The numbers: The coronavirus delta variant has added fresh stress on the U.S. economy, but companies face an even bigger hurdle in finding the supplies and workers they need to keep pumping out goods.
A closely followed index of U.S.-based manufacturing rose to 59.9% in August from 59.5% in the prior month, the Institute for Supply Management said Wednesday.
Economists polled by MarketWatch had forecast a reading of 58.6%. Any number above 50% signifies growth.
Big picture: Businesses have plenty of demand, even with delta variant spreading across he country. The biggest problem are broad shortages of supplies tied to the unprecedented Covid disruptions in the global economy and an explosion in pentup demand after the U.S. mostly reopened this year.
“Part shortages are our largest business constraint,” said an executive at a electrical manufacturer.
Hiring enough workers to produce the goods and services has also become a major headache.
Millions of people who had jobs before the pandemic still haven’t returned to work — and delta could make them wait even longer. Some companies have even had to cut back because they don’t have enough workers.
“Labor is still an issue,” said an executive a maker of plastic and rubber products. Other executives also reported the same problem.
The supply and labor shortages eventually should ease and return to pre-Covid patterns, though the delta variant could push out the timetable.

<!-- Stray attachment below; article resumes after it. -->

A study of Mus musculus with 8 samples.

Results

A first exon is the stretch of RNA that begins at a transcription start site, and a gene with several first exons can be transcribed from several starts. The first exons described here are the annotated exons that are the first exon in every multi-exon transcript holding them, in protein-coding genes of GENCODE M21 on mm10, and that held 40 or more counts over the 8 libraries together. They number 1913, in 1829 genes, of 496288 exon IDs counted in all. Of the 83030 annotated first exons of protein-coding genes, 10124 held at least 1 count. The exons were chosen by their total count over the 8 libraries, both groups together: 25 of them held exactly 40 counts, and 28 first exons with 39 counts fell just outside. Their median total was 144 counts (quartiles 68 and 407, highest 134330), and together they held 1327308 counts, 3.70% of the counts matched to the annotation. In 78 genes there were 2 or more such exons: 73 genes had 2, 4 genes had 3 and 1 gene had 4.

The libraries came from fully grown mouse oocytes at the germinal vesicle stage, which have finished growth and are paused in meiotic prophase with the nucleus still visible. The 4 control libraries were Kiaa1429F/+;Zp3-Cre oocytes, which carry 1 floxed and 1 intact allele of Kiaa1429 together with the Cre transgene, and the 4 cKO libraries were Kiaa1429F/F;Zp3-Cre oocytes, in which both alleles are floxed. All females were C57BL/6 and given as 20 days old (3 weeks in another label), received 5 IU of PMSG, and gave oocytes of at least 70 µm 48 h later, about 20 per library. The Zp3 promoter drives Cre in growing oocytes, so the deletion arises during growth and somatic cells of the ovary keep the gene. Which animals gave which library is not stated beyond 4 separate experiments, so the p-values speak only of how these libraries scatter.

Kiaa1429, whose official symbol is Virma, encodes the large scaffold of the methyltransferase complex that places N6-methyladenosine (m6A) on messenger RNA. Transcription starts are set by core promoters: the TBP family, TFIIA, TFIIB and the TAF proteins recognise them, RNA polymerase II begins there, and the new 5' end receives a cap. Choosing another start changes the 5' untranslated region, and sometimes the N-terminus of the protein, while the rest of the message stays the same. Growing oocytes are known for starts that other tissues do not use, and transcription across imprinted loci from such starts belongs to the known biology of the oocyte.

“I think we will continue to deal with it, but it’s going to add more stress,” said Timothy Fiore, chairman of the survey. “We are probably going to be living with these variants with quite some time.”
In the meantime businesses and consumers can expect to pay higher prices spawned by the shortages. Inflation in the U.S. is running at the highest level in 30 years, based on the Federal Reserve’s preferred price barometer.
Key details: New orders and production both increased in August and were at 60% or above. That’s the good news.
The bad news is, the backlog of orders grew again and remained near an all-time high. Companies can’t produce enough goods to sell them as quickly as the orders come in, reflecting the ongoing bottlenecks.
A gauge of employment also turned negative again. Fiore said it’s a struggle to find workers and delta has caused an increase in absenteeism, making it harder for companies to keep production lines fully staffed.
The ISM index is compiled from a survey of executives who order raw materials and other supplies for their companies. The gauge tends to rise or fall in tandem with the health of the economy.
What they are saying: “Demand in the U.S. factory sector remains strong,” said senior economist Michael Pearce of Capital Economics, but “supply constraints, and particularly labor shortages, are still proving to be a drag.”